Column: The Transatlantic Perspective

Shubhrant Kumar is a School of Arts and Sciences junior majoring in political science. His column, "The Transatlantic Perspective," runs on alternate Mondays.
Shubhrant Kumar is a School of Arts and Sciences junior majoring in political science. His column, "The Transatlantic Perspective," runs on alternate Mondays.

Earlier this week Vermont Sen. Bernie Sanders (I-Vt.) officially ended his bid for presidency after a long drawn out campaign that saw him vying unsuccessfully for the Democratic nomination alongside former Vice President Joe Biden, who is now the clear favorite to face off against President Donald J. Trump in November. 

After reading this news, I could not help but draw comparisons between Sanders and British Member of Parliament Jeremy Corbyn, who was the former leader of the Labour Party after stepping down following a devastating loss in the U.K. election last December, which saw Boris Johnson's Conservative Party emerge victorious after winning by a decisive landslide. 

The lack of political success that these two career politicians have had is a clear indicator that the Leftist populist ideologies that they embody will never truly have a place in modern politics due to its increasing irrelevancy in the field.

The similarities between Corbyn and Sanders are uncanny to say the least. Both are experienced politicians who have become firebrand advocates for the far-Left movement in their respective home countries. Despite both being in their 70s, they have managed to galvanize a legion of 20 somethings to join their “socialist revolution” as they have consistently maintained immense popularity among the much sought-after political demographic. 

Even their origins have striking similarities, with both Sanders and Corbyn having alleged ties to fringe extreme Leftist parties earlier in their careers and both being viewed as a trouble making outliers that threaten the very establishment of the parties they represent, namely the Democratic Party in the United States and the Labour Party in the United Kingdom. 

Despite a loyal band of followers with almost cultish overtones, which made them household names and propelled them to the upper echelons of the political world, reaching the apex of the political pyramid was and will always remain nothing more than a fanciful pipe dream.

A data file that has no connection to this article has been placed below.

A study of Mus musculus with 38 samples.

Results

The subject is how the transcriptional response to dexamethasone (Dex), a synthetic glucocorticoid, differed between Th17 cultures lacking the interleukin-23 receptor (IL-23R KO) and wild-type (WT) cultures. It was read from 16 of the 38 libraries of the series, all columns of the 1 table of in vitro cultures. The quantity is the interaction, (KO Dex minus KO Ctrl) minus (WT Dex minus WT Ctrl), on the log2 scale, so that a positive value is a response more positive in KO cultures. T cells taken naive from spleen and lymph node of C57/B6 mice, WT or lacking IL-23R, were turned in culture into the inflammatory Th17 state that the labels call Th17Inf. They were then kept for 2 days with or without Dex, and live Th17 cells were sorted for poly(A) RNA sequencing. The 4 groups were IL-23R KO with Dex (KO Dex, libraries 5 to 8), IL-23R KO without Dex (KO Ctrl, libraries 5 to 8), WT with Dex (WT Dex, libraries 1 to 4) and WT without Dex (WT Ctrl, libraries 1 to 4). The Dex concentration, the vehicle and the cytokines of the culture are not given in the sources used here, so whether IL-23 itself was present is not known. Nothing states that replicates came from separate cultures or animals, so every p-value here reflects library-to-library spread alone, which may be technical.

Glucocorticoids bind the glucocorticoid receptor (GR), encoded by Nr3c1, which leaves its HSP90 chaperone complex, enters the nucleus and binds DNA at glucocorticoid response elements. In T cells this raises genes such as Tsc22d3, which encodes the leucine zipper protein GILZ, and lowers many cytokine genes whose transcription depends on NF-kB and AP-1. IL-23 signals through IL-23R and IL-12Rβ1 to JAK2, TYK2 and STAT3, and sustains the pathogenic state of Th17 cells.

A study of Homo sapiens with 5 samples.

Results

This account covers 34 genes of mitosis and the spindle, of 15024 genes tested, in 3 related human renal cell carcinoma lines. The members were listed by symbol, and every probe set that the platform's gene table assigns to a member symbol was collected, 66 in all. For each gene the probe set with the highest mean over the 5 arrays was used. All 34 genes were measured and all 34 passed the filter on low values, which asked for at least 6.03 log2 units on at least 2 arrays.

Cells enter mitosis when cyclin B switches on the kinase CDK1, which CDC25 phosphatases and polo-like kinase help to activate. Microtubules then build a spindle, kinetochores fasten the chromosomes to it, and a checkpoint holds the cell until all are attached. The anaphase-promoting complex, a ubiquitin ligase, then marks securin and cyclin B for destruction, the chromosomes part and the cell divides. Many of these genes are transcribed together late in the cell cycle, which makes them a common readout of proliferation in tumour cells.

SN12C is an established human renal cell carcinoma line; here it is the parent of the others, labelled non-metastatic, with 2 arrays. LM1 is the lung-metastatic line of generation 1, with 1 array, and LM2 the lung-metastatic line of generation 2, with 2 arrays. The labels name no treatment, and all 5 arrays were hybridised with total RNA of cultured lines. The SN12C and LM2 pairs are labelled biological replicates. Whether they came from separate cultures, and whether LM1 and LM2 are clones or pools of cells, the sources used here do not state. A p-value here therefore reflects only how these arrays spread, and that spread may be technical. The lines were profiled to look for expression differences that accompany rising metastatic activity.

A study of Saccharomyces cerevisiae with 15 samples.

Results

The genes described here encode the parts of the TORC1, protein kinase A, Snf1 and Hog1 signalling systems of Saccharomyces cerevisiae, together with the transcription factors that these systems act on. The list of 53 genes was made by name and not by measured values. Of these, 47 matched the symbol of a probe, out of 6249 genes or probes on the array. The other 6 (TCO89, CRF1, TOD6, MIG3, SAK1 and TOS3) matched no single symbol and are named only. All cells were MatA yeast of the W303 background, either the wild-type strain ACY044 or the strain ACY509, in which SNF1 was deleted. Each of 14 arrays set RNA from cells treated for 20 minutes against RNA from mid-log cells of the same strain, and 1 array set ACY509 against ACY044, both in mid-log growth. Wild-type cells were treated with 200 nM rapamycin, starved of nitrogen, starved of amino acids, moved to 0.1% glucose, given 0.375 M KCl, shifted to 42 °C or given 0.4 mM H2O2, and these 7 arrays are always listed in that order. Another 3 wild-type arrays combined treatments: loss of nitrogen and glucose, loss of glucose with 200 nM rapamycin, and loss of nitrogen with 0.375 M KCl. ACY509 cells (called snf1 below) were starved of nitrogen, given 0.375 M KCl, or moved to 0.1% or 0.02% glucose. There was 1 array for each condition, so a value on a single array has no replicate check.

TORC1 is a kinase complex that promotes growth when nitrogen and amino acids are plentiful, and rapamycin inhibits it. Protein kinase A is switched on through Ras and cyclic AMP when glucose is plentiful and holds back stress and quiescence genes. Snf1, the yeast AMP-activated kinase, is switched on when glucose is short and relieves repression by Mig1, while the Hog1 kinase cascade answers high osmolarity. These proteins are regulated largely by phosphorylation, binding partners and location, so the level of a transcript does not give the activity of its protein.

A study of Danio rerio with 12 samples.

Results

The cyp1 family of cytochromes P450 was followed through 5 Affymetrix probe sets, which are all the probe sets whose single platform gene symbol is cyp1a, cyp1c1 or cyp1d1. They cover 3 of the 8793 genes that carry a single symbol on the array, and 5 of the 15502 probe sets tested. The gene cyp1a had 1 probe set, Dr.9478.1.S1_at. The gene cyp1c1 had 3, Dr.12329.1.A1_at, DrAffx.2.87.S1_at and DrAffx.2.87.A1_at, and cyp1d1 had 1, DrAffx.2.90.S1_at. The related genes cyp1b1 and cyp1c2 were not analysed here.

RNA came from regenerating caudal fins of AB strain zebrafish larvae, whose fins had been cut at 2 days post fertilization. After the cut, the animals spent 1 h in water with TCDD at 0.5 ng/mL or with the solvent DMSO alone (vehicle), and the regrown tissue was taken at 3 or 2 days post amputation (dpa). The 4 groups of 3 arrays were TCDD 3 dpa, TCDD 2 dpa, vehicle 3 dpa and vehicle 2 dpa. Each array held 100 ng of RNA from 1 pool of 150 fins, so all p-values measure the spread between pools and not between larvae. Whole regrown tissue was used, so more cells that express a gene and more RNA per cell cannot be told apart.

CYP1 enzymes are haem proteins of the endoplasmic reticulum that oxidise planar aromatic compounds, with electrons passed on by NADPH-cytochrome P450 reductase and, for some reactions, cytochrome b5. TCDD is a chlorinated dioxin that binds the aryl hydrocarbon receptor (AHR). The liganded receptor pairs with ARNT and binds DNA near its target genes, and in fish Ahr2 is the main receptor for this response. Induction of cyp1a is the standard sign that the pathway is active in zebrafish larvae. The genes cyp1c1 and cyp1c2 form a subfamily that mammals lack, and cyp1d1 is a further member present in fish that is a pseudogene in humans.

The 2019 U.K. election served as a prescient warning to Sanders supporters, who perhaps for a fleeting moment hoped that he would have a shot at sitting in the Oval Office come 2020, following the humiliating defeat of the Corbyn's Labour party and his subsequent resignation from the position of party leader which he had held for more than four years. 

This defeat came just two years after the U.K. snap election of 2017, wherein the Labour Party performance far exceeded expectations, securing more than 40 percent of the vote and forcing the Conservative Party to form a minority government. 

Many anticipated that the party could have built on this momentum to become a credible threat to the Conservative Party, which has been a dominant force in British politics for the better half of approximately a decade. But alas Corbyn, much like Sanders, could not translate his radical Leftist populist views into a formidable platform that could lead to mainstream political success. 

It is all well and good to be seen as the harbinger of a social revolution by your devout followers as both Sanders and Corbyn are, but if you cannot convince the masses, or even your own party of this so called “revolution,” then a shot at the top position is still very much outside the realm of possibility.

After an unsuccessful presidential bid in 2016, many doubted the prospect of Sanders faring any better in his 2020 campaign. After all, it was highly unlikely that Sanders was going to change his approach, seeing that he has largely remained vehemently committed to his political positions for the past 50 years or so. To the delight of his loyal supporters and perhaps the chagrin of the Democrats, Sanders began to emerge as the frontrunner in the presidential nominee race after winning several key states.

His immense popularity among younger generations, especially millennials, is undeniable as many have latched onto his impassioned rhetoric laden with far Leftist ideology by turning out in droves to support him. Even if it was, for just a moment, the prospect of seeing Sanders in the White House was slowly materializing despite the disastrous repercussions that would come with having such an unabashedly Leftist leader in power. 

This transient moment of euphoria all came tumbling down quickly when the rest of the nation began to reject the Sanders political machine, opting instead for the far more moderate candidate in the form of Biden. The Democratic Party had been saved from the nightmarish scenario of placing a historically unpopular candidate directly in the cross hairs of the Republican party.

Leftist populism has seen an alarming resurgence in the political landscape on both sides of the Atlantic, which have coalesced around Sanders in the United States and Corbyn in the United Kingdom. This may be a direct response to the recent rise in Right-wing populism which we have witnessed across the globe, but the best way to balance out this rise is to not support such leaders who harbor such divisive ideologies, but rather opt for more moderate candidates on the Left that have a better chance of winning elections.

Shubhrant Kumar is a School of Arts and Sciences junior majoring in political science. His column, "The Transatlantic Perspective," runs on alternate Mondays.